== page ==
The FDA, US Food and Drug Administration has recalled around 465,000 implantable cardioverter defibrillators (ICD) for firmware updates. ICD is a small device that is used to treat irregular heartbeats.
In a safety report by the FDA, issued on April 17, 2018 it says that the devices, designed and operated by St. Jude Medical, are susceptible to cyber-security breaches and are also at risk of having sudden battery loss.
The safety report claimed saying, “As medical devices become increasingly interconnected via the Internet, hospital networks, other medical devices, and smartphones, there is an increased risk of exploitation of cybersecurity vulnerabilities, some of which could affect how a medical device operates.”
This vulnerability of St Jude medical ICD’s and its [email protected] monitoring device to cyber-attack was raised by Medsec, analysts for health sector security. This analysis took place following a challenge from St Jude Medical (that was acquired by Abbott in 2017) and the susceptibility in these devices that were identified by Medsec, were confirmed by cyber security consultants Bishop Fox.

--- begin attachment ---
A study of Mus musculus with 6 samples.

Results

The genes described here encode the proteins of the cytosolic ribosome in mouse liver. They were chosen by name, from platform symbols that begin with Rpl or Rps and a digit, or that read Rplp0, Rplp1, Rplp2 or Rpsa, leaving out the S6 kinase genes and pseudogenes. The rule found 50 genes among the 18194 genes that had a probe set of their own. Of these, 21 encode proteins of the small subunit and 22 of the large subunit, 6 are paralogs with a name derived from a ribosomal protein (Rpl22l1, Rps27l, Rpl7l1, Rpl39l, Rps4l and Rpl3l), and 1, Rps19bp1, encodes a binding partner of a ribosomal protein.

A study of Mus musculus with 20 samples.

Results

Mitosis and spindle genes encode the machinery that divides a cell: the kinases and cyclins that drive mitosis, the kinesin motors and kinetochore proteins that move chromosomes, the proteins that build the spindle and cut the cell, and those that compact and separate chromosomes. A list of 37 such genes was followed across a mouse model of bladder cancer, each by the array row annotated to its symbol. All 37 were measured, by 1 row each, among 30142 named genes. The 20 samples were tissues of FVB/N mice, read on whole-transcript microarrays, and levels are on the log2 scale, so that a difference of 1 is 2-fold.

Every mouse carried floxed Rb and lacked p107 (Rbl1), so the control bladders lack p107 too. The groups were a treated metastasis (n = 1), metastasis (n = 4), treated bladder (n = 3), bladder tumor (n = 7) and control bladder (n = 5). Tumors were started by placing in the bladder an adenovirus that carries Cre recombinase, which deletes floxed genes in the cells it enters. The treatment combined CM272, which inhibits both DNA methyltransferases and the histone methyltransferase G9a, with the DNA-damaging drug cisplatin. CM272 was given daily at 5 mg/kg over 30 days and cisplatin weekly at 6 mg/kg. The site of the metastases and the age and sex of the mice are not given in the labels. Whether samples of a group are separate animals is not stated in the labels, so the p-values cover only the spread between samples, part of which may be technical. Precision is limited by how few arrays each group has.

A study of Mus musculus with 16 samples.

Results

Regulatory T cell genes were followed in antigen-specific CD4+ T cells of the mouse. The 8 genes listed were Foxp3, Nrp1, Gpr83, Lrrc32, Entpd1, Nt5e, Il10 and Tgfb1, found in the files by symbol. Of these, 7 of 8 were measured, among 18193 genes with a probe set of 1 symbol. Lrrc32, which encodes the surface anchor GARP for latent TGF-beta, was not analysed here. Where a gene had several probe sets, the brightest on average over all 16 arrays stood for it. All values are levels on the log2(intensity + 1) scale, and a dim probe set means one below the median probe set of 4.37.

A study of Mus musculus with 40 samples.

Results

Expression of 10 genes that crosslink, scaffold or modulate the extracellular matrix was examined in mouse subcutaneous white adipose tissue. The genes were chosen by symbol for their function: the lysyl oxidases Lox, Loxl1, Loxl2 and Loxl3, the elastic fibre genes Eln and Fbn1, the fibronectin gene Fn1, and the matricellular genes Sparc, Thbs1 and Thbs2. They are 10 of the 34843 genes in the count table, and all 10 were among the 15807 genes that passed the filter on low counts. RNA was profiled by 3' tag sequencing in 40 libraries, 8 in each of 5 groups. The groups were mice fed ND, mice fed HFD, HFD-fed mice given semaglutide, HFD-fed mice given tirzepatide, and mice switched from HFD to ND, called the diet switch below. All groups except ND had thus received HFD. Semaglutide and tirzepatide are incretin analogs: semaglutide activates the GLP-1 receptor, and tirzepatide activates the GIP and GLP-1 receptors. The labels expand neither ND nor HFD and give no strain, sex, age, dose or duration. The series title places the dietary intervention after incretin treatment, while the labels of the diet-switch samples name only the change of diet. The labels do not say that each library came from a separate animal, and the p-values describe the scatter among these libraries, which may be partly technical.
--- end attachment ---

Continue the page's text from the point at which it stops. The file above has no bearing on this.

Carl Livitt of Bishop Fox told the Computer Business Review that, “Authentication backdoors are not good, especially in implantable cardiac devices that can be misused to kill people.”
[email protected] is a small receiver used by people who have implanted cardiac devices; it can be plugged in at home and is designed in a way to allow “remote care management of patients with implanted cardiac devices through scheduled transmissions and daily alert monitoring.”
Carl Livitt goes on to say, “Most of the vulnerabilities could be remediated by requiring a very close proximity ‘wake-up’ command to be issued to an implanted device prior to enabling long-range communications.’ This would require the physician to be in physical contact with the patient.”
The warning comes after the deal made recently between Microsoft and NHS to strengthen the cyber security defenses following an update on costly plans for security investment across the NHS.